Worst Career Advice Ever
Just because someone else says it doesn’t necessarily make it true. With the plethora of advice available on the Internet in regards to seeking a new job, or advancing in a current position, one might have a difficult time deciding whom to listen to. Unfortunately, there are just as many pieces of bad advice as there are good, making the colossal project for job seekers even more difficult. Here are some examples of "bad" advice, as well as the opposite course of action that should be followed.
"Know when to give up." Each and every naysayer will have his or her own personal timeframe of whento "give up" on the job search. The only truly correct answer, however, is: never. Unfortunately, none of us can see the future and find out whether or not the career we’re chasing will ever truly reach fruition. But the important thing to remember when looking for a job is that hard work and perseverance usually pay off, even if it doesn’t appear to be true in the short–term. Staying on track with your job search, no matter how hard, will help you reach success.
"Get a real job." Define real job? That’s the downfall of this piece of advice. Everyone’s definition will be different based on personal experience. This is arguably the most often suggested idea for those feeling lost and confused in their professional lives, and looking for alternate sources of employment due to lack of opportunities. Is a freelance career a fake job? Does going from full–time to part–time employment constitute career failure?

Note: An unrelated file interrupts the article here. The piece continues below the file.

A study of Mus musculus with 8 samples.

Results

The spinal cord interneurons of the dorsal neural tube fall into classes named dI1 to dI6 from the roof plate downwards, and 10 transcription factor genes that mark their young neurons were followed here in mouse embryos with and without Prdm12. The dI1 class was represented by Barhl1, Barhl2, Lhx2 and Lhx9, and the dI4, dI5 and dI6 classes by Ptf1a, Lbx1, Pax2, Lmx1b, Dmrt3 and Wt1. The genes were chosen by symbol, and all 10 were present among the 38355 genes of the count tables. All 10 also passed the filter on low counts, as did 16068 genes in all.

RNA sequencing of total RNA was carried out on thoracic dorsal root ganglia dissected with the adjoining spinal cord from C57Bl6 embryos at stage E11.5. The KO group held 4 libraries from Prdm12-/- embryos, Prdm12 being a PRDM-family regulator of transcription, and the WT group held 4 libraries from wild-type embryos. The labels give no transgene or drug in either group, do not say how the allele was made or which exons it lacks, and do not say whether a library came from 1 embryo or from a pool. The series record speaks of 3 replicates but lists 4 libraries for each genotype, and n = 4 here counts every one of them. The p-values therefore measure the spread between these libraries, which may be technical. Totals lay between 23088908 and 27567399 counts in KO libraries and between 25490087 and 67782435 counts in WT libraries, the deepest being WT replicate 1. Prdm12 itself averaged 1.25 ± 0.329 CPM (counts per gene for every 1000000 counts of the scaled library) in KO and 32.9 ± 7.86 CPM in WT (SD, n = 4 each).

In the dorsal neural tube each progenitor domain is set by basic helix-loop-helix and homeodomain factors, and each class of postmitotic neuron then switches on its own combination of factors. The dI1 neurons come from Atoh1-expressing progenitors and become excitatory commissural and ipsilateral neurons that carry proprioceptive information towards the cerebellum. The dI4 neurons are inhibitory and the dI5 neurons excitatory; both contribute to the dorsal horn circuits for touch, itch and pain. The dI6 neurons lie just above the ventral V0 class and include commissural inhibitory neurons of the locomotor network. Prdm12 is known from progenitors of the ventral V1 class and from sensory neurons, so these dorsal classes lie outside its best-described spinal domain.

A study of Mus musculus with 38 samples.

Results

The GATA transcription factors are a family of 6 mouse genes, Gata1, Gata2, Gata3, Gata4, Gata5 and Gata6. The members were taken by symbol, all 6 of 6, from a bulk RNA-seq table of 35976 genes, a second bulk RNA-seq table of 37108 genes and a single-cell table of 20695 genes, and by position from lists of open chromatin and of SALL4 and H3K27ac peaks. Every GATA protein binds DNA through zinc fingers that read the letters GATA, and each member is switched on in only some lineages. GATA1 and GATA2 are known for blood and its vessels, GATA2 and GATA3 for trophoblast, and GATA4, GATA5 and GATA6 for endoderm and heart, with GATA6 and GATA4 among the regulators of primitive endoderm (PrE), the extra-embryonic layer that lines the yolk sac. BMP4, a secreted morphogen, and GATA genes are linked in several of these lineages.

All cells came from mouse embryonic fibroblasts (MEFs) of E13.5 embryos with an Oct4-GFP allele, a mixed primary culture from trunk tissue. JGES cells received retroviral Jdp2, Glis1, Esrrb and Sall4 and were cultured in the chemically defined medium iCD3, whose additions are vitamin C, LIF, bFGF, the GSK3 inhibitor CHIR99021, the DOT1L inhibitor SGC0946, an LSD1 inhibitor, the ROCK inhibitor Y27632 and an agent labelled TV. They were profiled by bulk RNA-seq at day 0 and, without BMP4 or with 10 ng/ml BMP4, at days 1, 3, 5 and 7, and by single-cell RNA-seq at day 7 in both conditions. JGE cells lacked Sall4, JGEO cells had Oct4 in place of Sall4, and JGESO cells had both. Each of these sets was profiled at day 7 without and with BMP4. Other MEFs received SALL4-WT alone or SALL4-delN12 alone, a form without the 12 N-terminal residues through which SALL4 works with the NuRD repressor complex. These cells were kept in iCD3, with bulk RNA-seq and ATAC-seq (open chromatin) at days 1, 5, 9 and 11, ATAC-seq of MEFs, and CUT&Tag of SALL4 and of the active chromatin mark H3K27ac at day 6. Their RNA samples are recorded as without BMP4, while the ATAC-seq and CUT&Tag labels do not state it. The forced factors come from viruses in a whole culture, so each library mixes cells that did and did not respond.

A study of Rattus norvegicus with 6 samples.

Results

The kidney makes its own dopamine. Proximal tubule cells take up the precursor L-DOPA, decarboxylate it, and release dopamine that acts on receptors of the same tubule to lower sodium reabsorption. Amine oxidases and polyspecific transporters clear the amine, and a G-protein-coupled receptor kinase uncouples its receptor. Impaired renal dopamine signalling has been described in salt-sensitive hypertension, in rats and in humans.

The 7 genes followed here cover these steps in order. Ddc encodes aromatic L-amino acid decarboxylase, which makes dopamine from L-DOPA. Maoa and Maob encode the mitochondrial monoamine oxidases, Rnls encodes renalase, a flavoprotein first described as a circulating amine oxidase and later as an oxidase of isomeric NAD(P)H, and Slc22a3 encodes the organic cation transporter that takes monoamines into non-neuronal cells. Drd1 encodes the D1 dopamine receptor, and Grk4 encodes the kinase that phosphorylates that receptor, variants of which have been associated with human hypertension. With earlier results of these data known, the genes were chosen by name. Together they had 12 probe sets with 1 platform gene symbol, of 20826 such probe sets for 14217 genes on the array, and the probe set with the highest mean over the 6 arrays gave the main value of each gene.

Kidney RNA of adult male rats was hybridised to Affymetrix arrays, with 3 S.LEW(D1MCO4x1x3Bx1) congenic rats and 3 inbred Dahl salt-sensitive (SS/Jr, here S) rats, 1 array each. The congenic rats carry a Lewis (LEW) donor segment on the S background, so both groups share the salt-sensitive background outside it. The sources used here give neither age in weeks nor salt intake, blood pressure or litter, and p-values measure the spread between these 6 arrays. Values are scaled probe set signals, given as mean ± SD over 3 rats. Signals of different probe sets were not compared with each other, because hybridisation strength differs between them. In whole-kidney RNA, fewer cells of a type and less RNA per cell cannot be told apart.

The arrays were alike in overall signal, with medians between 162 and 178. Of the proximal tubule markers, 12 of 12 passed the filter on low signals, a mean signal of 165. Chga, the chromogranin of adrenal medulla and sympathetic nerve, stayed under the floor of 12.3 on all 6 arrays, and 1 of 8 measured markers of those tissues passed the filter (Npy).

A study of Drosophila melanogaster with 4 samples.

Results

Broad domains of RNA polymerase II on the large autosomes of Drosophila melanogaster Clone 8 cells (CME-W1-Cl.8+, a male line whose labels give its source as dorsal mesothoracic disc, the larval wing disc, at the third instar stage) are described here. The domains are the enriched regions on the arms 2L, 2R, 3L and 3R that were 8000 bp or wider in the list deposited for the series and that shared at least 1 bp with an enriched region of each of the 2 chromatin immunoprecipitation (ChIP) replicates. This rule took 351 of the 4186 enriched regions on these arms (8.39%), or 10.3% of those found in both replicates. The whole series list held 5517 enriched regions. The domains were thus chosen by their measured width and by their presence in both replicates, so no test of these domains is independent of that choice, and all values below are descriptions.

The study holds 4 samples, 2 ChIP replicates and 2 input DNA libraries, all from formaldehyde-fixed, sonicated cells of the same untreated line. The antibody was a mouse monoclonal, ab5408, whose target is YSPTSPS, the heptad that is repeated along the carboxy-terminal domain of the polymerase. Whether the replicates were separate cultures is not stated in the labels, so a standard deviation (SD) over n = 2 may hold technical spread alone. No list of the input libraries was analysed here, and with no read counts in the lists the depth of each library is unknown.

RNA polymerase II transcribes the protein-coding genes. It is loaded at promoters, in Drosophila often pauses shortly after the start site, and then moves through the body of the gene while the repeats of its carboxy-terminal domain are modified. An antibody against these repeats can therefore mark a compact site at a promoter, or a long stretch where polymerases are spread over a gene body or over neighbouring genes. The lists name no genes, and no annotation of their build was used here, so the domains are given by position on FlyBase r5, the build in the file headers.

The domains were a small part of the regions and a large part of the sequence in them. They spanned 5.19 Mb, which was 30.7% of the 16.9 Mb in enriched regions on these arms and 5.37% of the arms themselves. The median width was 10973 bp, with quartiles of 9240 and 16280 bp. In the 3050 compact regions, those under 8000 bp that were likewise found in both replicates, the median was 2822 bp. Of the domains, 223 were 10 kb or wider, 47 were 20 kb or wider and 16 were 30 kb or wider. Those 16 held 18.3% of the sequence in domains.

The only way to truly combat this advice is to consider whatever it is that you are doing as your real job, even if it doesn’t seem like it. Even if you feel like your current career path is "going nowhere," working leads to more work. Do not discount a position because you feel that it will not be labeled as a "real job." This is a mistake.
"Wait for them to call you." Who knows how many other applications there are, their resumes sandwiching yours in a seemingly endless pile of paper that will most likely not be carefully sorted through. You, the seeker, are responsible for following up with the company and inquiring about the status of your application; you can’t simply sit back and wait for a phone a call. Be proactive and be sure to devote as much time as possible during your job search to follow–up with any and all prospective employers. Follow–up via phone, email or connect via social media.
As with any advice, the key is being able to separate the bad from the good, and to follow your own intuition when necessary. There is no "right time to give up," no solid definition of a "real job," and no point in simply "waiting for them to call you." A successful job search takes perseverance and a willingness to do whatever is necessary to achieve your goals.For more career advice, read our career articles today.